Recently I introduced you to FilmOn, which lets you watch a variety of over-the-air TV stations free of charge. That service doesn’t ask for permission from providers: it re-broadcasts signals without permission, and as such is subject to frequent lawsuits.
NimbleTV, in contrast, is trying to do online live television legally. You can connect the service with your existing cable stations, or pay for a direct subscription to watch cable TV online.
Nimble also offers a free service. The channels offered this way are scarce, but it’s a good way to get a feel for this TV service – and worth looking into if you primarily want to watch the news.
TV, But Online
Sign up for an account and you can start watching TV immediately.
As I said before: the channels you can watch for free are (quite) limited – but more on that later. For now know that the TV watching experience is pretty good. You can use the prominent arrows, or your arrow keys, to see what’s on other channels – without leaving, or obscuring, the current channel. Or, if you prefer, you can bring up a TV guide and explore what’s on right now:
The streams load quickly – I’d say it’s faster than satellite TV but slower than cable. Quality can vary, but is frequently HD (when available).
American TV: Free And Paid PlansAs I said: the channels you get for free probably aren’t what you’re looking for. If you’re looked into LiveStation, which lets you watch live TV news online, you’ll find a similar lineup of news channels: Bloomberg, Al Jazeera, RT and CSPAN are a few examples. You’ll also find AntennaTV, which mostly airs reruns of black-and-white sitcoms.
This free package isn’t going to replace cable, or even an antenna, for most people – but the free version isn’t all that’s offered.
There are two main kinds of paid plans for US viewers. There’s “lite”, which for $4 a month gives you online access to your existing cable service (limited to New York City residents as of this writing, with Chicago apparently coming soon).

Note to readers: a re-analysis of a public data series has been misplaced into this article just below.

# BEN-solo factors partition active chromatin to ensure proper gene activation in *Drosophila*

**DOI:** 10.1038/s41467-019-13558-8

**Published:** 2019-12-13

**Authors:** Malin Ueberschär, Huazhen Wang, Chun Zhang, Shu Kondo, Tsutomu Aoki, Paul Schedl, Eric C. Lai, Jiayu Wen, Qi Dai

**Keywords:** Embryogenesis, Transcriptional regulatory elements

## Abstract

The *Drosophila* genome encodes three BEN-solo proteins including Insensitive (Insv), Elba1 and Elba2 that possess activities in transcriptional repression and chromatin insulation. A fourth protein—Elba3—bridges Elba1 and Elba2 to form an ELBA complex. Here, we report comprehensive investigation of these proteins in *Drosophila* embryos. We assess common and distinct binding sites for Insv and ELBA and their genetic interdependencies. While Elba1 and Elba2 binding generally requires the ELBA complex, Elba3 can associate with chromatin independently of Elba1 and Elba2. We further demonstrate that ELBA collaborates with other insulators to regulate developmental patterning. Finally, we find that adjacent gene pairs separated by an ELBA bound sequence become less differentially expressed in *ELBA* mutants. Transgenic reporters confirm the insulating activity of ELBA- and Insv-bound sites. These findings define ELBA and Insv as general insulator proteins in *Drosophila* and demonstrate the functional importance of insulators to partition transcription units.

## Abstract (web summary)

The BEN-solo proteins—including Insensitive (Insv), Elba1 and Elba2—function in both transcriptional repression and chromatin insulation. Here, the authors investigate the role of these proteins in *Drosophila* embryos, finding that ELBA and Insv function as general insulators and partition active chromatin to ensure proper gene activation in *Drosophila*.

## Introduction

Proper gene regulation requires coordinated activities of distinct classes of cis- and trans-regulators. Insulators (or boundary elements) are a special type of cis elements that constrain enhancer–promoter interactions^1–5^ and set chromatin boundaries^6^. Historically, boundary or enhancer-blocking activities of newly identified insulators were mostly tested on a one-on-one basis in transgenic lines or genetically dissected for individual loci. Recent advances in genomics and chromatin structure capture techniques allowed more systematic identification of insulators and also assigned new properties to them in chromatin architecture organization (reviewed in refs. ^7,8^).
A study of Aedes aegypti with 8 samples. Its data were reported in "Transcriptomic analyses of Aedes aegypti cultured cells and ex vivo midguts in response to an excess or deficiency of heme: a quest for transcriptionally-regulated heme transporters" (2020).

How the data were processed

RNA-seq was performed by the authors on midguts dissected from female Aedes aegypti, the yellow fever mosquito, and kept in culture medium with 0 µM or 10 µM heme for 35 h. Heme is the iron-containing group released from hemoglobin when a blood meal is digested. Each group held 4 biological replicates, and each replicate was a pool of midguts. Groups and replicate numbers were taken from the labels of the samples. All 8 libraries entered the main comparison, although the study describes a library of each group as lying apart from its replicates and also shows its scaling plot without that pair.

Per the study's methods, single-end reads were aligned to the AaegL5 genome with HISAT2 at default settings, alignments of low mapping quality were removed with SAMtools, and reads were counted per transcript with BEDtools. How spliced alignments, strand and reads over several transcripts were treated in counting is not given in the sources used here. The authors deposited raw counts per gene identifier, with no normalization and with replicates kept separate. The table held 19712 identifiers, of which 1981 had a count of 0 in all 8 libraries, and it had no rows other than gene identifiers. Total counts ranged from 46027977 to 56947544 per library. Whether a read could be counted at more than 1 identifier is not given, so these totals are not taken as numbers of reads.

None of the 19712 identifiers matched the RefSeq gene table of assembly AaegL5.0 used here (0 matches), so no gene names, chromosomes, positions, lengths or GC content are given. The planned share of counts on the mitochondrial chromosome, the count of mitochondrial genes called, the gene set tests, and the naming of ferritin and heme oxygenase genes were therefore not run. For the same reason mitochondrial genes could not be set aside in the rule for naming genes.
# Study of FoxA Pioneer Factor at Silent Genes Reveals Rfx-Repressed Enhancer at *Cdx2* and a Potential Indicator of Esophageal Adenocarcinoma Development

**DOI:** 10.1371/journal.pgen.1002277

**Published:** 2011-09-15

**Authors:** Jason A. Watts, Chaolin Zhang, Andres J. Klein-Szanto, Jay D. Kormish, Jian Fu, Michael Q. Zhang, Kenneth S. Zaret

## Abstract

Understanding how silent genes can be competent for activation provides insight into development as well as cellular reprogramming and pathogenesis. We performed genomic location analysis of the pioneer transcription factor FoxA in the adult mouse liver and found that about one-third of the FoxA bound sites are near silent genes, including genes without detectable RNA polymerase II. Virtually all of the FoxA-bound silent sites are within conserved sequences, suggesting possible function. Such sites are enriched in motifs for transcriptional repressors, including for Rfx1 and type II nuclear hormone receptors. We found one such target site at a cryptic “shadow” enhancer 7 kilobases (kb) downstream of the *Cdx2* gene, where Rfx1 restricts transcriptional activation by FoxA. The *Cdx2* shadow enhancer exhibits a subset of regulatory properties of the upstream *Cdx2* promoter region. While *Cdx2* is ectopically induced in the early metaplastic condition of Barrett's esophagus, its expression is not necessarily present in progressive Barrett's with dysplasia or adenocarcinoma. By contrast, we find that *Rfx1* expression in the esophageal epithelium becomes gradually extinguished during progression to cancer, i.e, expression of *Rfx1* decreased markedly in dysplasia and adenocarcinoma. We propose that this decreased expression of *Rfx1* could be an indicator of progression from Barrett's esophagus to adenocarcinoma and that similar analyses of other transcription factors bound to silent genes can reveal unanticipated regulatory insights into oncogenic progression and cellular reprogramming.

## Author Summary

If you don’t have cable, you can use the “Pro” service to pick from three bundles of channels: 20+ channels ($30 a month), 40+ channels ($60), or 90+ channels ($85). These are similar to cable bundles – disappointingly, there are no à la carte option. You can try this option out for one week, but you’ll need to provide your credit card number to do so.
All NimbleTV plans come with a minimum 20 Hour HD-DV – you can pay for additional recording time, and record up to four shows simultaneously.
I can’t break down all the options, and they’re subject to change, but here are a few highlights. The $30 package includes Comedy Central, History and MSNBC. The $60 package includes ESPN 1 and 2, Discovery and CNN. The $85 package is the cheapest one to include Fox News and SyFy. Whether this is worthwhile to you probably depends on which package includes the channels you most care about.
Things get even more expensive if you want to add premium channels: HBO’s bundle of channels alone will run you $20.
NimbleTV’s access to cable stations can’t exactly be called cheap, but if you live in a region without cable competition it’s worth looking into for comparison’s sake. Even better: unlike cable, NimbleTV is not bound by region, meaning you can use this service to watch American TV from anywhere around the world.
Over the air stations are only offered if you have a valid New York City address (again, other cities are reportedly one the way).
IndianTV: Watch From AnywhereIf you’re Indian, or simply interested in Indian TV, there’s more to look into. You can get 20+ Indian TV channels for $15 a month.
Again, this isn’t restricted by region, meaning that with a subscription you can watch live Indian television regardless of where you live.
Supported DevicesNimbleTV primarily works using your browser. Here are the platforms their site claims to run on:
- All major desktop browsers: Chrome, Safari, Firefox, IE (9+) and Opera
- iPhone or iPad: iOS5 and higher (via browser)
- Apple TV, via Airplay
Android, notably, is not supported. I primarily tested the service using Firefox on a desktop computer, so your mileage may vary with other devices.
ConclusionWe’ve told you before: you can watch TV online legally, for free. NimbleTV lets you do some free TV watching, but is probably most useful with a paid account. Try the week free trial of the Pro version if you’re curious.
Whether that paid account is a good deal or not probably depends on what sort of deals your local cable companies are offering, which channels you care about. You’ll need to check how Nimble’s price compares to your local cable companies. You should also consider whether you prefer live television to the more affordable, on demand offerings provided by the likes of Netflix and Hulu.
How’s that math work out for you? Share your thoughts about this, and other options for watching TV online, below.